Mark 8:31-38

Romans 4:13-25

I owe an apology to those who read along in their pew Bibles for using the New International Version of the Romans reading. I couldn’t resist this translation that has Paul say, “God calls things that are not as if they were.” I think this phrase captures God’s creativity better than the idea of God’s “command” calling things into being. To me, the command sounds like it already happened, but this translation sounds like it’s still going on. God is not fazed by what’s not here yet, but She’s powerful and imaginative enough that what doesn’t exist – what we’ve lost about ourselves, what we haven’t become yet – God can treat that as the reality it is. God calls things that are not as if they were.

Jesus talks about this imagination and creativity when he tells his disciples about his coming death and resurrection. Peter had just made his famous declaration that Jesus was the Christ, God’s anointed Son, so Jesus gave him the rest of story: the Messiah will be beaten, killed, and finally raised from death. And Peter can’t handle it. He wants to protect Jesus, which is reasonable. He has identified that Jesus is the Christ, and he wants to hold on to that. This is a perfectly human reaction, just as we would react if Christ called us to give up our place in the world for the Good News. We’d react this way because we don’t naturally know God’s power to raise the dead to life and call things that are not as though they were.

Jesus rebukes this reaction. God calls us to a new beginning, new growth, and a new identity, as surely as He called Abram and Sarai to new life and gave them new names. This God who can speak into the void, into chaos, and speak the name of what will come, this is the same God that can look at our lives and invent something new we never could have imagined.

Our lives usually don’t feel open to this kind of change. Lives where we struggle to find friends to spend time with, where we constantly have to calculate how our interactions with other people affect what group we can belong to, where power comes along with expectations that we’ll behave in certain ways. That world is real. Maybe some of us find ways out, ways to comfortably float on margins, but the world is real, and it even claims to have a place for marginal people who don’t fit. There is nowhere outside this world to stand.

But God calls things that aren’t as though they were. God imagines opportunities to live as Christ in a world that has no room for Christ, because God is that kind of creative. This takes risk, putting aside who we’ve been without knowing what God is going to make us into. It takes stepping away from friends who are getting ready to pick on the kid it’s popular to pick on. It takes trying a new activity even though you don’t know or yet trust the people who are involved. It takes standing for principles you can’t deny but that set you apart from the people around you.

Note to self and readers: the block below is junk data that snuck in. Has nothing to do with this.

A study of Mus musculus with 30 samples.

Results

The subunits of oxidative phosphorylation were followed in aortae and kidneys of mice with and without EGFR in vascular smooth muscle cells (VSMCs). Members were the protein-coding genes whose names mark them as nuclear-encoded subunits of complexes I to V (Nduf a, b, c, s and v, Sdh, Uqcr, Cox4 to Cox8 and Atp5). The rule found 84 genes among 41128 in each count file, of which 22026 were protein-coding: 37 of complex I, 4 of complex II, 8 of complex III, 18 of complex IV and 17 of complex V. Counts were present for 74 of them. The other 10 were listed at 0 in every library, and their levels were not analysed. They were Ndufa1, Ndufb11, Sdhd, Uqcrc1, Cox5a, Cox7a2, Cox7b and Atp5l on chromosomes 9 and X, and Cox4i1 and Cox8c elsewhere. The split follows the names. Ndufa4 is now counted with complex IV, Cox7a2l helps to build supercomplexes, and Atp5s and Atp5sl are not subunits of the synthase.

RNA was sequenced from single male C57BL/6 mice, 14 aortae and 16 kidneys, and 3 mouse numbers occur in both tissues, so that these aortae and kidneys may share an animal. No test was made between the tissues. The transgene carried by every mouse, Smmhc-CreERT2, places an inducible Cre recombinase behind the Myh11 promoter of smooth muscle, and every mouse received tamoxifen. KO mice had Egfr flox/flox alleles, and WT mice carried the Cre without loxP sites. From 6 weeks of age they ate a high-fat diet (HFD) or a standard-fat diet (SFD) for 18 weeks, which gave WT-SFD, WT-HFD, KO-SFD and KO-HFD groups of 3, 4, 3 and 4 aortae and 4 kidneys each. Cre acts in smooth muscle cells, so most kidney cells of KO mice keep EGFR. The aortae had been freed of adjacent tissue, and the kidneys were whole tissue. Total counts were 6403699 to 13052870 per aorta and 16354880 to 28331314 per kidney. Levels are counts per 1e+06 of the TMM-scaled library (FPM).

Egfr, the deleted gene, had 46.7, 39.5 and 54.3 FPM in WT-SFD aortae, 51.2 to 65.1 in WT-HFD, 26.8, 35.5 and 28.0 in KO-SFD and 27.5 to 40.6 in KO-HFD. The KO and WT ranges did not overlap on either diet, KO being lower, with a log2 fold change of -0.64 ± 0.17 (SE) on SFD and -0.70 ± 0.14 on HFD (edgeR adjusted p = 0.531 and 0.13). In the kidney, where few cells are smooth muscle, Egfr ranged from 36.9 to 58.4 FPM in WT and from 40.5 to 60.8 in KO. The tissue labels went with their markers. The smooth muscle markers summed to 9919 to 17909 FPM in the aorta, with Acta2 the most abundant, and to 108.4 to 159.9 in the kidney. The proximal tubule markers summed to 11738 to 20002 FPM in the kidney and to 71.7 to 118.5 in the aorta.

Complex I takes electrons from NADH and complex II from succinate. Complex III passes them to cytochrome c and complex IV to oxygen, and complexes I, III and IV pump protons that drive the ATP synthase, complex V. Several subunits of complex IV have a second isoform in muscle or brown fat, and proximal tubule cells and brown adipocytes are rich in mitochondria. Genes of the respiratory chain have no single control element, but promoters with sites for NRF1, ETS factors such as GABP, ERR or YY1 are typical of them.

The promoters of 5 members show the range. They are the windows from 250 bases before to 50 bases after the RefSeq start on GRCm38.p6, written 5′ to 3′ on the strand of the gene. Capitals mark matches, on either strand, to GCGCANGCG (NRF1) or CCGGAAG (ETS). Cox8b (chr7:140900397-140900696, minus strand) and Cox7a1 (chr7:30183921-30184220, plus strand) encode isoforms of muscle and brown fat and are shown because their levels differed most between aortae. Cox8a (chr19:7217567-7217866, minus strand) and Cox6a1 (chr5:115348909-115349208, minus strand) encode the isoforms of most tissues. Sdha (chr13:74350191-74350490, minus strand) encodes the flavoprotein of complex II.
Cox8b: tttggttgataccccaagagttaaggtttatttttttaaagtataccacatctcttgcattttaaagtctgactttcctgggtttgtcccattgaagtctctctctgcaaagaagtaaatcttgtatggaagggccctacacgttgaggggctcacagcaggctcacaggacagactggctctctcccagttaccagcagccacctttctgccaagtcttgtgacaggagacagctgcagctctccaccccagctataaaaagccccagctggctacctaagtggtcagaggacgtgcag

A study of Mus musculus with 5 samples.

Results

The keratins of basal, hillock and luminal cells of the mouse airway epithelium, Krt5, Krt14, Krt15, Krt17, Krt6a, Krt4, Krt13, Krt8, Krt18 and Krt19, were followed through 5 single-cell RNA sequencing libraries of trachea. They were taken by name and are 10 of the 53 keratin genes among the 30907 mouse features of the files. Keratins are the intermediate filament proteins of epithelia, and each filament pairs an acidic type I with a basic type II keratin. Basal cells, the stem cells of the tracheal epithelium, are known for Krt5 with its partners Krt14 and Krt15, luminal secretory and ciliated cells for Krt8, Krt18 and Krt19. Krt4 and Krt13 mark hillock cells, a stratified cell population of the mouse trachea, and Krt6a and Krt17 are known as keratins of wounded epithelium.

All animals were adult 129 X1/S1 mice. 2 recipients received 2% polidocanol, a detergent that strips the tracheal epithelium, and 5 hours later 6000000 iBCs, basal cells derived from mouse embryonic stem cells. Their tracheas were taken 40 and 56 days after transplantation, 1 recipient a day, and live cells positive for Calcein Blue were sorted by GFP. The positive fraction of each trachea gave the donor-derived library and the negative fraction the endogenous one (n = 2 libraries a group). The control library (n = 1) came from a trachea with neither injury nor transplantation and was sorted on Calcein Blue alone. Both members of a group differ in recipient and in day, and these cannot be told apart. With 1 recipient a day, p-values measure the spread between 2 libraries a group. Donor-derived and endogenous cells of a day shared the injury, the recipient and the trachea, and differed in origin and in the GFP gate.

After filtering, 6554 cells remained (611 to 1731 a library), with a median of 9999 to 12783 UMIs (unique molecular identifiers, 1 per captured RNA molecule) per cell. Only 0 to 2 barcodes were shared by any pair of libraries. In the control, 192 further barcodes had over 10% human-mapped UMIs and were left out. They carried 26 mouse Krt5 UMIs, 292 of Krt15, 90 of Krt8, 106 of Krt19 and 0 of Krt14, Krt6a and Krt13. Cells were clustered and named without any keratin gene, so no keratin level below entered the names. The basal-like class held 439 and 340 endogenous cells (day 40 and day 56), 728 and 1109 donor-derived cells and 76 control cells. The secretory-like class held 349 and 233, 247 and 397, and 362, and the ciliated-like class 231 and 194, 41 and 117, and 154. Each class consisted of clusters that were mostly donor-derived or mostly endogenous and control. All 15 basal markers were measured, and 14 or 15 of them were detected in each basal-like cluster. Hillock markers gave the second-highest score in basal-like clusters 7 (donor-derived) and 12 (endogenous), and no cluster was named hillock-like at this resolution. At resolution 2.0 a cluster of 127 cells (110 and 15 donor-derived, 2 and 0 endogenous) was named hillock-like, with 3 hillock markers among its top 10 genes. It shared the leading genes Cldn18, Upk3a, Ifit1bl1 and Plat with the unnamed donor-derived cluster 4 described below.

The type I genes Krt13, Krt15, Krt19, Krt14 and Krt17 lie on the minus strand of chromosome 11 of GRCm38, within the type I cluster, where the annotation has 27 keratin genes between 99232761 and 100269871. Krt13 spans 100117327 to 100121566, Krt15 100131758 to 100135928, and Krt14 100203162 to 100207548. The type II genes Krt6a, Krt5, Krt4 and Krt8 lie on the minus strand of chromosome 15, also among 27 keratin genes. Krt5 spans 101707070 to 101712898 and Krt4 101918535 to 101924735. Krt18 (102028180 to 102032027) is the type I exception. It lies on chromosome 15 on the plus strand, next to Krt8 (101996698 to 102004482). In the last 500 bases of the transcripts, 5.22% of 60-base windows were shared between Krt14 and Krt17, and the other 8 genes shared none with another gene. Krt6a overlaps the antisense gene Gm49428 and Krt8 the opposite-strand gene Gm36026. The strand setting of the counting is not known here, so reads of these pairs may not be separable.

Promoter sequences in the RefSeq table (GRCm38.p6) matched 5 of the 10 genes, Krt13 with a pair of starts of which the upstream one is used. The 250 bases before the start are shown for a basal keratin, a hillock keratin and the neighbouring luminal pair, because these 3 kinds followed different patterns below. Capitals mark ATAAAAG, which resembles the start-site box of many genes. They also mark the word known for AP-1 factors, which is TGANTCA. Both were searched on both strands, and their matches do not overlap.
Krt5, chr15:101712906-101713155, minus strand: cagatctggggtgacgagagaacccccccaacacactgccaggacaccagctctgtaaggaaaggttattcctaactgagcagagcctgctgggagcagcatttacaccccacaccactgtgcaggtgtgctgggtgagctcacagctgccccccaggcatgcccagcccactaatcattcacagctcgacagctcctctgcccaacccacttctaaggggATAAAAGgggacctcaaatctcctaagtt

There is no room for these steps in our world, because they mean stepping out of your social world and following God into something new. It feels like we have to renounce our friends or accuse them of being bad people. It feels like we’re stepping off a cliff. (And I have to admit, sometimes it’s exactly that. Sometimes God calls us to completely, fundamentally start over, and then God provides friends and support we never knew existed.) But most of the time it’s not like that. Most of the time, you just end up leading the people around you in a new direction, or you realize that even if they aren’t going to go with you, they’ll at least support you in living out of a deeper set of priorities. But that’s something entirely new. It’s something that didn’t exist, but God spoke of it as if it did. God brought it into being through our willingness to become something ever so slightly different from what we were.

One of the things I love about communities like ours is that we have places for almost everybody who lives here. We have places for all the institutions that exist here, businesses and schools and governments and churches. Hope Community Presbyterian Church has a place in this community that our ancestors and we built over many years. The churches in Eveleth, Mountain Iron, and Virginia had places in their communities that have come together into the unique role we play. We’re a downtown church, a thoughtful church, a culturally connected church. An environmentally and socially committed church. Proudly the first church in Virginia, and proud of this beautiful facility we work so hard to maintain.

But what we do especially well is that we share our status, our roles, our sense of self with others. We open our doors on Sunday and throughout the week to people with extra needs, by giving rides to our less mobile members, hosting the Billy Bell Bakery, supporting the Deacons emergency fund, or in the past through Circles of Support. These look like low payoff activities at first. They look like things we can’t afford if we’re going to keep building open and heated. In no uncertain terms, these projects either did at first or do now look like threats to our identity. But they have become and still will become something we wouldn’t live without, because our God gives life to the dead and calls things that are not as if they were. Even today, God gives us new life in spite of the death of our old selves, calls into our void the name of what will come to be among us next. It doesn’t exist yet, but that’s the kind of God we follow.